A bigoted man trying to steal the family’s fortune, an oblivious father, a whiny daughter who refuses to abandon her lover and a hilarious maid who does not follow orders: these are the perfect characters for a Molière comedy. Tartuffe, first performed in 1664 for King Louis XIV at Versailles, was revisited by the College’s theater department in a production directed by Professor of Theatre David Eppel. The five shows, running from March 8 to 11 at the ‘62 Center for Theatre and Dance, concluded the career of Eppel after 32 years in the theatre department.
Tartuffe recounts the story of an aristocratic family in 17th-century France. Orgon, the father, rescues Tartuffe, a poor and seemingly pious man who pretends to help purify the family’s soul. The first half of the play depicts the devotion that Orgon and his mother have for Tartuffe, including a hilarious scene in which Orgon, coming back from his travels and hearing that his wife has been sick, asks instead about the wellbeing of Tartuffe. A man of excesses, Orgon decides to orchestrate a marriage between his daughter Marianne and Tartuffe, letting him enter his family indefinitely. After Damis, Orgon’s son, disputes Tartuffe’s marriage, Orgon decides to disinherit him, thus making Tartuffe the only beneficiary of his fortune.
The plot expands during the second part of the play. Dressed in all white with Catholic crosses and a rosary, Tartuffe’s constant flagellation with a whip adds to his ridiculous appearance. Despite his clever manipulations, Tartuffe has one weakness: his love for Elmire, Orgon’s wife. Through a long and cringe-worthy discourse, he confesses his love to her and tries to make romantic advances. When both Damis and Elmire recount this incident to Orgon, they make a plan to confirm these accusations.
Orgon is to hide under a table while Elmire plays into Tartuffe’s seduction game. Thus begins an unsettling scene in which Tartuffe forces himself onto Elmire, chasing and grabbing her in a predatory way, while Orgon, witnessing this, refuses to intervene. When finally convinced, he unmasks Tartuffe as a fraud. Tartuffe then plays his last card: since he is now master of the house, he wants them all to leave. While the family is trapped in an inextricable situation, Molière used a case of deus ex machina, saving the situation by the unexpected power of the king who, having heard of the story, sends his guards to arrest Tartuffe.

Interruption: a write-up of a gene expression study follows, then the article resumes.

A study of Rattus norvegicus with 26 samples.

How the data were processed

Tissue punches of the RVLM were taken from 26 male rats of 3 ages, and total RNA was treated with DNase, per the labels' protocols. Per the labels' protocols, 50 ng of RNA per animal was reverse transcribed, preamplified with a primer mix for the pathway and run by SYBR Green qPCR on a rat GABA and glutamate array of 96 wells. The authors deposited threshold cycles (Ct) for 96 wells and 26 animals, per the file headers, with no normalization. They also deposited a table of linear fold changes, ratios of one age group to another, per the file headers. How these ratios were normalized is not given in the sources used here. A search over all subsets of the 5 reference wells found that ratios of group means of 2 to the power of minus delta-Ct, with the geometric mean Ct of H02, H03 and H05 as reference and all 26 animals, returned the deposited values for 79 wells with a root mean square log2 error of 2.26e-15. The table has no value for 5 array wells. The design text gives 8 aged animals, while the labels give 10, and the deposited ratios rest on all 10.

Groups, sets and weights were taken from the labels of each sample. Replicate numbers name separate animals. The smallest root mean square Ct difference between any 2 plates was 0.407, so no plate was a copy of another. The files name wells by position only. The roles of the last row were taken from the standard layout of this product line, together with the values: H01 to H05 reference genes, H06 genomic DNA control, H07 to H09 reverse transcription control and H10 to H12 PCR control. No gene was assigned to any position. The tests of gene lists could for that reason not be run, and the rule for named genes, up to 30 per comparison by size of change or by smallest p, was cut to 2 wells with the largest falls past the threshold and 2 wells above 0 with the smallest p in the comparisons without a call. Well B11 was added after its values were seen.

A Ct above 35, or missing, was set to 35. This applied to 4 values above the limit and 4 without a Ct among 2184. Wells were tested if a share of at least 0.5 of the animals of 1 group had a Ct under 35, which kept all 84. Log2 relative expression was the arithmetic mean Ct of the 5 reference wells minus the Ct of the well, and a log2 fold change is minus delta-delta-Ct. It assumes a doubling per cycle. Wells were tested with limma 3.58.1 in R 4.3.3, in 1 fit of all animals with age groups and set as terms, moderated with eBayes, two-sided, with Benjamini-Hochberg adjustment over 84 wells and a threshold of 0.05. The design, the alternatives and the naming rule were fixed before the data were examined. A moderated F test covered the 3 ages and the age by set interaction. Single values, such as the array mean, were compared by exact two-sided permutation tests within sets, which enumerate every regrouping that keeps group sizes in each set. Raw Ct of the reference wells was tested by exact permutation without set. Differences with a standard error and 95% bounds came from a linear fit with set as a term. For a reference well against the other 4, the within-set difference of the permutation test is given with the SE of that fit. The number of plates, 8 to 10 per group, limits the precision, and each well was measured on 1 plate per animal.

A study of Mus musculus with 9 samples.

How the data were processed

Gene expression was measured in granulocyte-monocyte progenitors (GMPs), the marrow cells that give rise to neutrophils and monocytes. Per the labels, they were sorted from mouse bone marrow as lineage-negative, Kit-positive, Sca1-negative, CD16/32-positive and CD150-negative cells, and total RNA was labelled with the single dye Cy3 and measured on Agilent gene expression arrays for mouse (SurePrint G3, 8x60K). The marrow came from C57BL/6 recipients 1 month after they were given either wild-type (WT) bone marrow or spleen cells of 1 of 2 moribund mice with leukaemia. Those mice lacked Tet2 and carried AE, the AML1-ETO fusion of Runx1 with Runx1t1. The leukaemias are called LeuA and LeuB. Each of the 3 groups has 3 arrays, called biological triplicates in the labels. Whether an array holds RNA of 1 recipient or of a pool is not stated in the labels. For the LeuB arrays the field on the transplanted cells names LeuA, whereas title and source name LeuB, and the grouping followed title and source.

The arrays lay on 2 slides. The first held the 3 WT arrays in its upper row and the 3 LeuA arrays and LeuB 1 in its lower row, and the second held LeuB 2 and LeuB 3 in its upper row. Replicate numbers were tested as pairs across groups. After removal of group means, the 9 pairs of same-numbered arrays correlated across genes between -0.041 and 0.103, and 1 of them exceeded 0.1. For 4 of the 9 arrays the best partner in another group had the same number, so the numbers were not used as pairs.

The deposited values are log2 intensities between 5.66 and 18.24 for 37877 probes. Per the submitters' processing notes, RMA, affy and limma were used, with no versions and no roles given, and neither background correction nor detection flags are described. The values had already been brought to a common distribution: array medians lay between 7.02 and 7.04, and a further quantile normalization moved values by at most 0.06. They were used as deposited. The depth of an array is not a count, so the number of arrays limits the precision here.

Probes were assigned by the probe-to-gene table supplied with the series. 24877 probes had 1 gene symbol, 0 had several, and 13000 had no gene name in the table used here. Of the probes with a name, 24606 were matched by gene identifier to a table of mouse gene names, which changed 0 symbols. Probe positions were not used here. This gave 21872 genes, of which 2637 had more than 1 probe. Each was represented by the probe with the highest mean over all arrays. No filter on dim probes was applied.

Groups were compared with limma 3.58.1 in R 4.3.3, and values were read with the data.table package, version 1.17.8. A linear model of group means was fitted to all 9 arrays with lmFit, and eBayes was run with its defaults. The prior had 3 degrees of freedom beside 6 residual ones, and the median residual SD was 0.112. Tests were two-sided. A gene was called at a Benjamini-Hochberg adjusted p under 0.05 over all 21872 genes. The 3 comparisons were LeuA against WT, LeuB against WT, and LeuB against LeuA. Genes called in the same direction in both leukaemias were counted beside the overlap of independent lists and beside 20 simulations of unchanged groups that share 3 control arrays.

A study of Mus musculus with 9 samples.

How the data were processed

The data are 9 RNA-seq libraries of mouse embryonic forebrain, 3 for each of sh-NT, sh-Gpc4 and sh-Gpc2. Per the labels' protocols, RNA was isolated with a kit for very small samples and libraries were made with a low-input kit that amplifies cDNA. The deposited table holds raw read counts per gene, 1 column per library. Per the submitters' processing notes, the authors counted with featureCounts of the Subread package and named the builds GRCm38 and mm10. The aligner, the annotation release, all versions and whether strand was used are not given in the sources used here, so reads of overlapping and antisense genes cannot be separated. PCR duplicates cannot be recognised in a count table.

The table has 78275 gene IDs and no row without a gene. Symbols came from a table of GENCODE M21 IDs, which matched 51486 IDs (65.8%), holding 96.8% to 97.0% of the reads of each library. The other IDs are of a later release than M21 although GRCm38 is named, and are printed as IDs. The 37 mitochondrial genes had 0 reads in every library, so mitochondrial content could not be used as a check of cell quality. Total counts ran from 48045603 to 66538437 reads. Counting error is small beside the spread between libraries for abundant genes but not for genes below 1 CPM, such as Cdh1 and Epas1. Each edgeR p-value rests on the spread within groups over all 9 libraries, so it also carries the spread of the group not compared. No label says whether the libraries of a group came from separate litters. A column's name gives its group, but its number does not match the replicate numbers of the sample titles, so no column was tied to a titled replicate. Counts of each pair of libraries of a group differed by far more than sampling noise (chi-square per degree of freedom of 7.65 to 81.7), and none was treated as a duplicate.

Eppel’s direction of the play was magnificent and provided a modern twist to the French classic. Using a modernized English translation of the text by Richard Wilbur, the director managed to bring the characters to life and interact with the public, often breaking the fourth wall of theater. The set, representing the inside of a palace, extended the entire length of the stage, providing a large playing field for the actors, who ran in and out from the many doors on the sides. With a show of sounds accentuating the actions of the characters (and apparently judging their verse proficiency by playing different sounds in response to the quality of their rhymes), the play had a liveliness not often found in classic works. Finally, the costumes, in a mix of orange, blue and green, gave each of the characters a ridiculous look.
The play was first banned in the 17th century, as it was too critical of the Church and the monarchy. Molière then re-wrote it, making the king the savior and dedicating a whole monologue to singing his praises at the end. But its timeless story makes it applicable to any era. In light of the #MeToo movement and the recent uprising against sexual assault across the world, Elmire’s reaction to Tartuffe’s forceful address seem exceptionally timely. Elmire first decides not to tell her husband what has happened, saying, “Yes, I am of opinion that one ought never to break in upon a husband’s rest with such idle stuff, that our honor can by no means depend upon it and that ’tis enough we know how to defend ourselves. These are my thoughts of the matter.” Ultimately, though, she helps unmask the fraud.